The signing of a Memorandum of Understanding (MoU) between George-town’s municipality and the vendors from the Stabroek Market wharf to concretise the terms of their temporary relocation has been further delayed and Mayor Patricia Chase-Green has lashed out at the administration’s slothfulness.
Chase-Green, who expressed concerns that the delay may result in the council being unable to approve the MoU before its term comes to an end, received an update on the progress of the relocation of the vendors from acting Town Clerk Sharon Harry-Munroe on Monday.
Harry-Munroe informed the council that vendors are yet to peruse the drafted MoU and offer their comments. When that process is concluded, the document, inclusive of vendor feedback, is to be sent to the council’s attorney for the final draft to be tabled for approval at full council, she said.
Harry-Munroe related that the vendors were in the process of uplifting the draft MoU from her office.
This update did not sit well with the council and Mayor Chase-Green said she was disappointed by the administration’s “slothfulness in handling this matter that is priority.”
“At the last Market and Public Health Committee meeting, we made a decision that would have allowed us to approve the MoU at today’s (Monday) statutory. This has not happened. I am very disappointed in the way administration is handling this matter. The slothful way will not work,” a frustrated Chase-Green said.
She noted that at the Market and Public Health Committee meeting held last week, the decision was taken to allow the vendors to take a copy of the drafted MoU to go through it and decide if any changes need to be made before it is sent to the lawyer.
“We had already met with the vendors, I don’t know why we met with them again… now we will have to wait another ten days before this matter can return to council because I am sure that the lawyer will not drop everything and look [at] it and that will delay the construction of the stalls and the relocation of the vendors,” Chase-Green pointed out.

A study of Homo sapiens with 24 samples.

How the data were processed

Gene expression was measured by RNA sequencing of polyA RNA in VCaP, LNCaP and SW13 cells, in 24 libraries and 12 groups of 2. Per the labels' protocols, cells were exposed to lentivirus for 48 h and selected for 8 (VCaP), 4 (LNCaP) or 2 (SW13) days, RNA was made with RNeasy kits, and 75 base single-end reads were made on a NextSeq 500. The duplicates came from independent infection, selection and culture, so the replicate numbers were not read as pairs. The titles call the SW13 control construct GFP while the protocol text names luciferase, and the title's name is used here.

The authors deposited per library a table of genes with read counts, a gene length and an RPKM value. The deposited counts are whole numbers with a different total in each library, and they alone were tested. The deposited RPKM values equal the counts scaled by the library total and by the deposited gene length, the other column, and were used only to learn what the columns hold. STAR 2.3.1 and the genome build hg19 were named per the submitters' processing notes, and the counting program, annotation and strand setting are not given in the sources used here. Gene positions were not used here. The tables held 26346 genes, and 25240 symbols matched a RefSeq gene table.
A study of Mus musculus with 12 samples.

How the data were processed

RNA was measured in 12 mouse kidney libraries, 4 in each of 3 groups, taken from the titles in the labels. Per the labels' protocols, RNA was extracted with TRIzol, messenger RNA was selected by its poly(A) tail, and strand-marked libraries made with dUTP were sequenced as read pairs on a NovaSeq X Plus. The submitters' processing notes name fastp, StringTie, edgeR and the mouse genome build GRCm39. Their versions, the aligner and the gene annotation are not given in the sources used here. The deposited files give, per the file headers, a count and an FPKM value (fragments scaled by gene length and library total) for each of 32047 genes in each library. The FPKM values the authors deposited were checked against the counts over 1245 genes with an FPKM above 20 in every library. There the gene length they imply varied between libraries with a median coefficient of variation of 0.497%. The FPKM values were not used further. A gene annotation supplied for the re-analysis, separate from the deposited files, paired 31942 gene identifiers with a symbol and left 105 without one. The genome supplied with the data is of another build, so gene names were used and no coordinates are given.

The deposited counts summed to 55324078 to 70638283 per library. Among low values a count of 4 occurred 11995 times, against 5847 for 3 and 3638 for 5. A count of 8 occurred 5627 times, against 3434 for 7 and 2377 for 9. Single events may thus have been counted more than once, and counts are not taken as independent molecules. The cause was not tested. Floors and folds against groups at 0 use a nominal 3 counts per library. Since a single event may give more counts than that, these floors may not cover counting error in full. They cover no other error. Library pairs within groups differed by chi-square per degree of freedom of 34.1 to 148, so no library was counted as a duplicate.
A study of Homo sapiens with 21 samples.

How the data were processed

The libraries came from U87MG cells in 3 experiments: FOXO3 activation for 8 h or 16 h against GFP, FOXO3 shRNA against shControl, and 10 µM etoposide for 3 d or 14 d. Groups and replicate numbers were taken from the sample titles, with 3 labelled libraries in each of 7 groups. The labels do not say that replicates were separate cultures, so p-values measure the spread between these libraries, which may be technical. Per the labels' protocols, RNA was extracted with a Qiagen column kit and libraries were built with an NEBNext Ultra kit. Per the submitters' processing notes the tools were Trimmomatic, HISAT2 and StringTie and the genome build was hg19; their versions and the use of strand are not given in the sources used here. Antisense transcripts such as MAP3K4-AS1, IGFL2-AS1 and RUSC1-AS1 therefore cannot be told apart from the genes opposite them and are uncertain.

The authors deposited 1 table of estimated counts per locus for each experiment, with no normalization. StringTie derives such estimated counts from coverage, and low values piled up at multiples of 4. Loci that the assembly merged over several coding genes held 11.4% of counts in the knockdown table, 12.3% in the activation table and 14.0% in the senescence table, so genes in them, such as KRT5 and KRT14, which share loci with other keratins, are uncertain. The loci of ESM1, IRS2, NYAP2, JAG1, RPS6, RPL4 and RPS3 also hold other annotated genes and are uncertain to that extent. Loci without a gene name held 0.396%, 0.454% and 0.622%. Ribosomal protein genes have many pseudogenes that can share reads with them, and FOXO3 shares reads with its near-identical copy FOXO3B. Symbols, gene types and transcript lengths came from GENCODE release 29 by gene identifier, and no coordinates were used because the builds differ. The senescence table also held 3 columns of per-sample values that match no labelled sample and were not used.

On this note, Harry Munroe announced that the vendors will have 48 hours to peruse and make comments on the draft MoU and it will then be sent to the lawyer.
The Mayor suggested that should the document be ready before the next statutory meeting, a special meeting will be called with councillors to approve the MoU.
Notwithstanding, councillors also lashed out at the administration for failing to follow through with council’s decision to have the comments from the vendors forwarded to the lawyer and returned at Monday’s meeting to be approved. They painted it a sign of disrespect and one which should not be tolerated.
Many, including the Mayor, were concerned that the council might not be in a position to approve the MoU, since it is unclear when the council’s life will expire.
“Local Government Elections [are] on November 12th. We are not sure when the life of this council will come to an end. We are certain about one more meeting before Local Government Elections and if we can’t approve it, then we might not be able to approve it,” the Mayor declared.
Chase-Green went on to say that the delay continues to be a hindrance to stall operators as they are willing to move but they are prevented from doing so as the document is not yet finalised.
“They are unable to earn a livelihood and Christmas is coming. This is a priority issue that needs to be dealt with… they are still operating on the wharf, which is not safe…,” said the Mayor.
In addition, Councillor Heston Bostwick, of the APNU+AFC, questioned why vending is still being allowed to take place on the wharf despite the cease and desist order issued.
He noted that penalties should be given to those who continue to operate on the wharf, however, it was pointed out during the discussion by an administrative officer that the vendors are operating at their own risk, since the facility is yet to be prepared by the council to make way for their relocation.
Following the collapse of a section of the Stabroek Wharf in July, the Mayor and City Council had informed vendors to cease and desist from operating under the dilapidated wharf.
The wharf has been slowly deteriorating over the years, and in 2017 it was announced that it would be rehabilitated. Sections of the roof collapsed in September, 2014, and March, 2015, but vendors have continued to ply their trade there despite the danger.